There are Mac players that play FLAC (Fidelia, Pure Music, Decibel, Audirvana), but why not convert them to ALAC or AIFF?
Songbird is ported to Mac as well.
Songbird is ported to Mac as well.
I was under the impression that any conversion basically defeats the purpose of the hi rez file... and I'd rather not spend the time converting. I literally want to load up every digital file I own regardless of type and have it accessible by a a media player. I will look into these players though, Thanks.
Why not buy a oppo 93 and go usb in from a hard drive. Also,why not forget about FLAC or any compression. With today's hardrive costing very little it seems unnecessary. You can get 2-3TB hard drives for $120-225. Back a few years ago when the same was not available or would have cost you $1000-1500, then it made sense. Today?....
Foobar 2000 or JRiver playing in wasapi mode are normally considered the best sounding players. Also, I've read fairly consitantly that Windows 7 has a better driver base and is typically thought of as the best sounding. Big argument between wav and flac files, then ASIO/Kernel streaming or wasapi. I am using wav, but haven't campared to flac. I went that way after reading several hundred forum threads, most thought they were equal, but a few held firm that wav had more air. Most, seem to think that wasapi was the way to go.
This should be enough to give you food for thought.
Good Listening, Tim
About a month ago I bought a Music Vault Emerald from Sound Science [google soundscience audio] Neal has devised some beautiful PCs expressly for audiophiles. I piked his middle piece because it has very good DAC in its sound card. AB comparison's show up the DAC in my 14K Lexicon preamp. 2TB hd for storage, a second one for mirror back up. Solid state hd for operating. 17" wide fits nicely in rack. Very quiet, except when ripping cds. Runs cool. HDMI out so you can put its video interface anywhere. Cordless keyboard/trackball. Windows IR remote to teach my RF universal. Redbook cd's sound way better than from a transport. Decodes downloaded 24 bit music from HDTracks and WAV copies of hi-res DVD's fm Reference Recordings. Media Monkey will convert anything to MP3 or iTunes, if needed. USB port on front and several in back. Digital out/Anal out, wireless to your network but also enternet ports, so it also replaces my Sonos system since its sound is better. Just takes some work ripping, correcting megadata, setting up favs on internet. If you want your music to sound the way you used to think it should, this is IT. And all the music is instantly accessible. Nirvana.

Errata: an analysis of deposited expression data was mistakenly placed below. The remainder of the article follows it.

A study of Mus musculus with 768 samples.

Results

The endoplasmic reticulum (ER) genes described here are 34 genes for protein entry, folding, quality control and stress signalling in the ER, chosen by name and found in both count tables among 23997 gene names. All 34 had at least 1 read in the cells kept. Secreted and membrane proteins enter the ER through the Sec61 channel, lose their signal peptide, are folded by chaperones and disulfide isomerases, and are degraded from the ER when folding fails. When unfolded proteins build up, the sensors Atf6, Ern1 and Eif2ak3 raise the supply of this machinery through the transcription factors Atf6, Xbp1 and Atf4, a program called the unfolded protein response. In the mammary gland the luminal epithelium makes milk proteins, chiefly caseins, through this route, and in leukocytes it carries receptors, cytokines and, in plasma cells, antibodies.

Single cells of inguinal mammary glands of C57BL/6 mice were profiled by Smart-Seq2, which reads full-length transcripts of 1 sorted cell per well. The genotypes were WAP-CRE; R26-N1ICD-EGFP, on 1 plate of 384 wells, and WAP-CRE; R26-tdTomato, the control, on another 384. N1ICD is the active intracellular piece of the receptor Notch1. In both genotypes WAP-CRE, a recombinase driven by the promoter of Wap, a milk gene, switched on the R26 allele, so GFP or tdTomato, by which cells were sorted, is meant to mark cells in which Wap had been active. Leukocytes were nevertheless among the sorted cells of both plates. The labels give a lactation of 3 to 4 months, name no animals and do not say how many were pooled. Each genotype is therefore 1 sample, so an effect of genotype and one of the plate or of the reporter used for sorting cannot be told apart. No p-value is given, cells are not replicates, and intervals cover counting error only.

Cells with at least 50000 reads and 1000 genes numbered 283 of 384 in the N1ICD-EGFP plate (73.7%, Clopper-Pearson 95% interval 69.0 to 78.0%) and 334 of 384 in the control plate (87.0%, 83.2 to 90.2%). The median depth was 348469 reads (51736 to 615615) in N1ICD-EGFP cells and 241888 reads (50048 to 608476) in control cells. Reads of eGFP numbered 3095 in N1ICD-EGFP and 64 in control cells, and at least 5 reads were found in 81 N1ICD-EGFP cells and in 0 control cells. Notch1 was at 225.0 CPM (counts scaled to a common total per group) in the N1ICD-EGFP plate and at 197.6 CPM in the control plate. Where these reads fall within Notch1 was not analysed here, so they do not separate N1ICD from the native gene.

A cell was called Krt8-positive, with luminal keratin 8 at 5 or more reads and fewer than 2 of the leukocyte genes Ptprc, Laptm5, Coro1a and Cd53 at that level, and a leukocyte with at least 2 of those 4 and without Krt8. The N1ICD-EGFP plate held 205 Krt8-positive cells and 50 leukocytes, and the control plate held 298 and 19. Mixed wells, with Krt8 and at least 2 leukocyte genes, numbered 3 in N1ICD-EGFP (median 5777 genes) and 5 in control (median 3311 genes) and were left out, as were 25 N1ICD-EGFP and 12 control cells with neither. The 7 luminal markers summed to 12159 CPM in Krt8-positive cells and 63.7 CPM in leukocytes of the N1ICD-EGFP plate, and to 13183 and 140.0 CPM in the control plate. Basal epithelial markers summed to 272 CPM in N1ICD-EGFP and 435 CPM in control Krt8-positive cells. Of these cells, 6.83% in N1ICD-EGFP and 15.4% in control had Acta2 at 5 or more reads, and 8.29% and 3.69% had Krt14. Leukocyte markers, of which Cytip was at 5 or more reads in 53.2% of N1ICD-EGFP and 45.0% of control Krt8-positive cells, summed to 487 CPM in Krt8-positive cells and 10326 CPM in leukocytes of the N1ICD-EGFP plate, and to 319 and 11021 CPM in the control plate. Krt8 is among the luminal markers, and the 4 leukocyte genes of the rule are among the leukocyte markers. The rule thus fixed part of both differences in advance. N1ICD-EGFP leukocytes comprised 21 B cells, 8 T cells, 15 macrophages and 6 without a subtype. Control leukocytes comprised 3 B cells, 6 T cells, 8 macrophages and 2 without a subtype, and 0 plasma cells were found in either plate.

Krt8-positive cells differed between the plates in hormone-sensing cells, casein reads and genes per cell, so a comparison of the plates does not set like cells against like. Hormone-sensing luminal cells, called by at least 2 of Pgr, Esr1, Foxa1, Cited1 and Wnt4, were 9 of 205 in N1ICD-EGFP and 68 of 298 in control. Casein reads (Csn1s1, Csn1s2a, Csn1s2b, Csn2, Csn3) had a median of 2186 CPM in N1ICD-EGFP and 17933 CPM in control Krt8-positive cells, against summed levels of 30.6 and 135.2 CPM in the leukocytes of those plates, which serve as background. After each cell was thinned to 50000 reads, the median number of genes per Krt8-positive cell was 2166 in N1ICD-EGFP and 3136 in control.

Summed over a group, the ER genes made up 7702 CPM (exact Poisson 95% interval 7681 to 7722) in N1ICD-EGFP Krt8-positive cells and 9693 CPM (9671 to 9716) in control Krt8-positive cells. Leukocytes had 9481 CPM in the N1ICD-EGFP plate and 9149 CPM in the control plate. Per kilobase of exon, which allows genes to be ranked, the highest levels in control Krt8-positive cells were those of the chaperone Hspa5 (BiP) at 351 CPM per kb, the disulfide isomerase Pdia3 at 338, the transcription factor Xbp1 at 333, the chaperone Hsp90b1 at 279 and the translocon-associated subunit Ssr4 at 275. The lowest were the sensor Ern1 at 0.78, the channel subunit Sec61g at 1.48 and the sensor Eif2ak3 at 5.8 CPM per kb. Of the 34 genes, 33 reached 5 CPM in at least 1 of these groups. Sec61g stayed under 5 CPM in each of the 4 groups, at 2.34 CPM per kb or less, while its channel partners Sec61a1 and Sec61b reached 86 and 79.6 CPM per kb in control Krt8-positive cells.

I would check out the discussions at
They do not recommend connecting outboard DACs to standard computer hardware. There are numerous problems effecting the quality of the digital data (the USB being a major one). After reading some stuff there, I have put off consideration of a commercial PC or Mac for a music server. The OS also plays a major role with some file formats (like Win 7).
Dhl93449 - the article you linked to is one of many possible solutions. There are lots of people who have built very good computer based systems without building a system like Chris' system. Using a quality player along with an async USB connection can provide excellent results using a standard desktop or laptop. If you want to try a simple system, you can get a HRT Streamer II for $150, add a player (Foobar, J River, iTunes on MAC) and you are good to go. Like everything, it can take some time to build up to your "final" system, but you need to start somewhere. Chris' article is a perfectionist view. Don't let it scare you off.
Neal here from Sound Science.
The Music Vault series of Servers solve all the problems you want to avoid in Digital Playback.
I provide USB 3.0 for USB DACs on all the units but The Pearl is all you need to work with the Empirical Audio or other exclusive USB input DACs. The Emerald has a great SPDIF output and analog out as well and then the Diamond provides the ultimate balanced Digital Outputs.
The OS is taken out of the Audio Path, buffering is optimized and so is the play back software.
Storage is internal which sounds better than external storage and auto duplication is standard on all models.
The Diamond includes a Plextor Blue Ray Drive for ultimate CD ripping and all units come with DB Power amp as the ripper and HDMI out if you want to watch movies on your Music Vault or attach to your flat panel to see your music selections.
I install software on all the units that allow me to logon remotely to help you learn or to solve problems that pop up later on.
The Music Vaults are future proof and come complete, you don't need additional software or any of the programs a mac needs to attempt to sound as good as a Music Vault.